Publisher: Gallery Books
Publication Date: January 15, 2013
Status: First in the Summerset Abbey series. The second book, A Bloom in Winter will be released on March 5, 2013.
Genre: Teen Historical
Other Info: This is T.J. Brown’s debut
Description and link from Goodreads):
1913: In a sprawling manor on the outskirts of London, three young women seek to fulfill their destinies and desires amidst the unspoken rules of society and the distant rumblings of war. . . .
Sir Philip Buxton raised three girls into beautiful and capable young women in a bohemian household that defied Edwardian tradition. Eldest sister Rowena was taught to value people, not wealth or status. But everything she believes will be tested when Sir Philip dies, and the girls must live under their uncle’s guardianship at the vast family estate, Summerset Abbey. Standing up for a beloved family member sequestered to the “underclass” in this privileged new world, and drawn into the Cunning Coterie, an exclusive social circle of aristocratic “rebels,” Rowena must decide where her true passions—and loyalties—lie.
Frail in body but filled with an audacious spirit, Victoria secretly dreams of attending university to become a botanist like her father. But this most unladylike wish is not her only secret—Victoria has stumbled upon a family scandal that, if revealed, has the potential to change lives forever. . . .
Prudence was lovingly brought up alongside Victoria and Rowena, and their bond is as strong as blood. But by birth she is a governess’s daughter, and to the lord of Summerset Abbey, that makes her a commoner who must take her true place in society—as lady’s maid to her beloved “sisters.” But Pru doesn’t belong in the downstairs world of the household staff any more than she belongs upstairs with the Buxton girls. And when a young lord catches her eye, she begins to wonder if she’ll ever truly carve out a place for herself at Summerset Abbey.
When an author begins with a British setting, then adds in an abbey and a young lord, they’ve pretty much guaranteed an audience in me. And, with the success of Downton Abbey, I’ve been in luck. Publishers are on the hunt for read-alikes, and YA imprints are no exception. When I began dipping my toes back in the NetGalley pond, there were two titles I requested right away: Cinders and Sapphires and Summerset Abbey. And when I got declined for Cinders and Sapphires (I thought, as an educator, I might have a chance) and accepted for Summerset Abbey, my desire to read the latter went through the roof.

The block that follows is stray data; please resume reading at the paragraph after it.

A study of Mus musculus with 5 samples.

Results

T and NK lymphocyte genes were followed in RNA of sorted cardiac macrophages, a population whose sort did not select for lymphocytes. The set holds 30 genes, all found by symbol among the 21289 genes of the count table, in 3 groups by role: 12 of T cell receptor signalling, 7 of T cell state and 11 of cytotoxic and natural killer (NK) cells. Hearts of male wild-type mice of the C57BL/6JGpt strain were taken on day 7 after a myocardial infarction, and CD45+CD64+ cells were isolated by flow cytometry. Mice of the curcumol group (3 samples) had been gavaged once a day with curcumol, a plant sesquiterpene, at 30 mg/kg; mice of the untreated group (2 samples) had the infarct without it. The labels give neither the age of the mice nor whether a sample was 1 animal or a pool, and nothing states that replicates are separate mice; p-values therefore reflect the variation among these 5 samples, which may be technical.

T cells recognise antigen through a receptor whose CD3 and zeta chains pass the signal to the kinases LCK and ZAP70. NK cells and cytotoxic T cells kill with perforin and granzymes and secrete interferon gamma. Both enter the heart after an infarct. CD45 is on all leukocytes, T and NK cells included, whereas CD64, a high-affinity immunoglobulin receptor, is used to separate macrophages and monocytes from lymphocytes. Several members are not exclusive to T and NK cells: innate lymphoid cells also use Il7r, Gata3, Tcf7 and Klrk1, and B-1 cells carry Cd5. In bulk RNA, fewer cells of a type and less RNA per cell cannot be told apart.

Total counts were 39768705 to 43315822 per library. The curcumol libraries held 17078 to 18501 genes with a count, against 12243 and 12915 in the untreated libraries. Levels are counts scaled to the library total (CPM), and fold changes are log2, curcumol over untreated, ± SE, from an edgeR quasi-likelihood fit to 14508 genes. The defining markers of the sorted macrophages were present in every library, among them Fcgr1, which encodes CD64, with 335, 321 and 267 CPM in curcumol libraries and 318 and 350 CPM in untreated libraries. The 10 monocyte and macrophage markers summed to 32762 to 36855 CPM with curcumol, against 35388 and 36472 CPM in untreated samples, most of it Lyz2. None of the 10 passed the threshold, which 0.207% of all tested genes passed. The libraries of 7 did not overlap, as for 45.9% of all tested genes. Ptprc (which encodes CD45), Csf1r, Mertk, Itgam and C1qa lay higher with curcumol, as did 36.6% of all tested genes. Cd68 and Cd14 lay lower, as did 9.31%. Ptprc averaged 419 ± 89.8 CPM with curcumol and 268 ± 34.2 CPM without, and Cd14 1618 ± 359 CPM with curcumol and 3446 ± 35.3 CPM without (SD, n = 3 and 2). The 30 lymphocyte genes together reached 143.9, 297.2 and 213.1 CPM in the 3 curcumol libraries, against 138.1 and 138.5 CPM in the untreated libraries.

Things started off okay. I knew immediately that Summerset wasn’t going to be the best historical I’d ever read, but I enjoyed the introduction to the world and the characters. Plus, the aforementioned young lord shows up pretty fast. While it didn’t pass my stringent Rules of Titles tests (is the Countess of Edgmont called Lady Edgmont [right] or Lady Charlotte [wrong]?), Summerset Abbey was entertaining enough to keep me going. For a while, anyway.
Where the book fails isn’t in its representation of the era in which it is set. It fails in its characters. There are three main ones, and the story alternates between those mentioned in the description: Rowena, Victoria and Prudence. Each sister has a story, complete with a potential love interest–fortunately. Unfortunately, all of the characters are lame. There really isn’t a better descriptive word.
Rowena manages to arrange for Prudence to come to Summerset Abbey despite her uncle’s objections, but then proceeds to ignore her and treat her like a servant. And when she feels bad about doing so? She only acts more stuck-up. Victoria, the youngest of the three, is all talk and no action. She badgers Rowena for forcing Prudence to become a lady’s maid and then forgets about her for pages at a time, and doesn’t do anything to actually help Prudence. Unless you count her last, ridiculously misguided attempt. And Prudence complains about her situation as a lady’s maid–an outsider among the servants and and outsider among the inhabitants of Summerset–but doesn’t do anything about it, either. Ultimately, she makes a TSTL decision that makes no sense at all.
Here’s what really gets me: Prudence’s situation (lady’s maid job aside) is actually a really compelling one, and perfectly suited to the time period. The 1900′s–especially in England–were a time when old traditions were starting to lose ground. The master-servant relationship was being tested and redefined. There were more opportunities for men, but more importantly–women. It makes me weep to see such juicy meat for a story go to such waste.
I think Summerset Abbey will definitely find an audience. Fans of the Luxe Series by Anna Godberson will probably enjoy it. The more discerning reader, however, will need to keep looking.
Check out Tracy Deebs’ guest post and the Doomed giveaway!